Despite months of campaigning and millions of dollars in contributions from organizations tied to Howard Rich, a wealthy political activist in New York, regulatory takings initiatives failed Tuesday in three of the four Western states where they were on the ballot.
The measures would have limited government’s use of eminent domain and required that property owners be compensated for regulations that diminish the value of their holdings. Tuesday’s results:
In California, with all precincts counted, Proposition 90 was defeated 52.5 percent to 47.5 percent.
In Washington, with more than 99.4 percent of precincts counted, Initiative 933 was defeated 57.7 percent to 42.3 percent.
In Idaho, with more than 99.7 percent of precincts counted, Proposition 2 was defeated 76 percent to 24 percent.
Oliver Griswold, a spokesman for the Ballot Initiative Strategy Center, told the Center for Public Integrity on Wednesday that voters in the three states rejected the “false populism” propagated by Rich, his political allies in those states, and the undisclosed donors to the Rich-sponsored organizations that bankrolled the effort.
“Howie Rich and his cronies came in from out of state and pretended to be grass-roots and pushed these gimmicks onto the ballot,” said Griswold, whose organization helped coordinate opposition to the takings initiatives and other Rich-backed measures. “They couldn’t even be honest about their true intentions. They hid the regulatory takings initiatives behind a legitimate discussion over the Kelo decision [Kelo v. City of New London, a 2005 U.S. Supreme Court decision that gave governments more latitude to use eminent domain]. Voters saw right through that.”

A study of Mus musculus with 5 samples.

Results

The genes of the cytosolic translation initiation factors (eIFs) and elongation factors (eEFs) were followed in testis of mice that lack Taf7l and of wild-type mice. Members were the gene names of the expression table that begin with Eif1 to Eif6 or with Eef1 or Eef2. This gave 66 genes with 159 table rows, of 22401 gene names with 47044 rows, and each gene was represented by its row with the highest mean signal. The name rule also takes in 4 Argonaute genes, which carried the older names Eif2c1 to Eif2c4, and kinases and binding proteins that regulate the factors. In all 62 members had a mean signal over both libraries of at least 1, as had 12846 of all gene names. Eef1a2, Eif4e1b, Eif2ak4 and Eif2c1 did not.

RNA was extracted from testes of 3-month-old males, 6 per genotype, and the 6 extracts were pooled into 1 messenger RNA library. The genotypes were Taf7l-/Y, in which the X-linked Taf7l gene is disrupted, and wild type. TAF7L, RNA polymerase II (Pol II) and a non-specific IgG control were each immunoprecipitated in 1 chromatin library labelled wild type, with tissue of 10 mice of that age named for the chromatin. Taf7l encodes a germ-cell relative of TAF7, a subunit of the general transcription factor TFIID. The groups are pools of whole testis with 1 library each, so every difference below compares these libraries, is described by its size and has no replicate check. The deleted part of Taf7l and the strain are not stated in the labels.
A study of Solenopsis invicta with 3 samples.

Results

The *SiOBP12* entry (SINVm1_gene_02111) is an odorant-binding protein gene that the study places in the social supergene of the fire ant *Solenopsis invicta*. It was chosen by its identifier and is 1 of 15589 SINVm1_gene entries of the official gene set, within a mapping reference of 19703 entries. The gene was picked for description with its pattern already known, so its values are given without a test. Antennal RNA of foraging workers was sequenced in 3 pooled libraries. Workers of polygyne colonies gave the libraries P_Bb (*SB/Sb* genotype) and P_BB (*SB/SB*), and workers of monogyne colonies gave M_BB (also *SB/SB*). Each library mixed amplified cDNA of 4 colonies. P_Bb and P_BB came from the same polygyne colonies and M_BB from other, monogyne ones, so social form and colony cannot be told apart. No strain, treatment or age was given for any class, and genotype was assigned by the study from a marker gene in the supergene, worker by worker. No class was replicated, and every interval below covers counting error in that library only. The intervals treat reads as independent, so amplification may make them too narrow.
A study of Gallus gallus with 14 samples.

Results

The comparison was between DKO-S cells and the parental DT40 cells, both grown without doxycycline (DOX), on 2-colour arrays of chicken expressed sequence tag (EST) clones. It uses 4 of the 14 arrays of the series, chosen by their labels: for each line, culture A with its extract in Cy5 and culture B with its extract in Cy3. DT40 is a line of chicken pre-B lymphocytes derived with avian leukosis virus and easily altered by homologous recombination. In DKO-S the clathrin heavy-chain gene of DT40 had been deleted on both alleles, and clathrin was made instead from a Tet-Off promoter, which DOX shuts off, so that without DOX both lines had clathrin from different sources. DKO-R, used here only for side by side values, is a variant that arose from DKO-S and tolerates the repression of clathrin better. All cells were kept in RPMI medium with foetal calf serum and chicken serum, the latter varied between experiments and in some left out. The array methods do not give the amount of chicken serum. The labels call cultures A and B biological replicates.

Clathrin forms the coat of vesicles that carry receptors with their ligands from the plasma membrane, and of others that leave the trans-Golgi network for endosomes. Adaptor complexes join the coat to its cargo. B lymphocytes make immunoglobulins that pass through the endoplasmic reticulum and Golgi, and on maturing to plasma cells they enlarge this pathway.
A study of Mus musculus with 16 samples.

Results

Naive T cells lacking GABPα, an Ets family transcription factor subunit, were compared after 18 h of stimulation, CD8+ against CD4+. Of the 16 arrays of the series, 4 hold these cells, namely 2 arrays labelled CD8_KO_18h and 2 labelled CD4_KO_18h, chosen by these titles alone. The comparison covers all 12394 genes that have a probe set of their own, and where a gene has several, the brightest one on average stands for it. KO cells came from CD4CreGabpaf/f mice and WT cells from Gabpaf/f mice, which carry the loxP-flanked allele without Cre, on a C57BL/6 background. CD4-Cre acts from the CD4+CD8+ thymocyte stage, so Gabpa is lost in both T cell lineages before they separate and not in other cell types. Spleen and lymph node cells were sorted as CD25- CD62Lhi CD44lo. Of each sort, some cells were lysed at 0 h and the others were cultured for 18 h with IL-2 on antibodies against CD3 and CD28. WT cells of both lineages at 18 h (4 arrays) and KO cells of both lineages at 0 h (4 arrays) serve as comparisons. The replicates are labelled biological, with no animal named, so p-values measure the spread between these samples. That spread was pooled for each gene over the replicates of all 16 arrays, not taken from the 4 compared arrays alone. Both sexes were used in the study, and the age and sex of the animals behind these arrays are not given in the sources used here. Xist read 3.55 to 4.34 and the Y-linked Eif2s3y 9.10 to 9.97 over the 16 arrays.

The lone victory for supporters of takings initiatives came in Arizona; Proposition 207 passed easily, 65.1 percent to 34.9 percent, with more than 99.9 percent of the vote counted.
Arizona courts ruled before the election, however, that a portion of Proposition 207 likely violated state law because it would impose an unfunded mandate on state government.
Sandy Bahr, an organizer of Protecting Arizona Taxpayers Coalition, the chief opponent of the measure, said she does not know if a legal challenge is forthcoming.
“Of course, we’re all looking at it,” Bahr told the Center. She said that the wording on the ballot was confusing and suggested that the initiative dealt only with eminent domain.
In all, Rich-backed organizations contributed more than $8.6 million in eight states in support of takings initiatives. But four of the eight initiatives never were put before voters because of legal and procedural problems.
Rich, the chairman of Americans for Limited Government, the Chicago-based tax-exempt organization that spearheaded efforts to pass the takings initiatives, did not respond to an e-mail seeking comment Wednesday.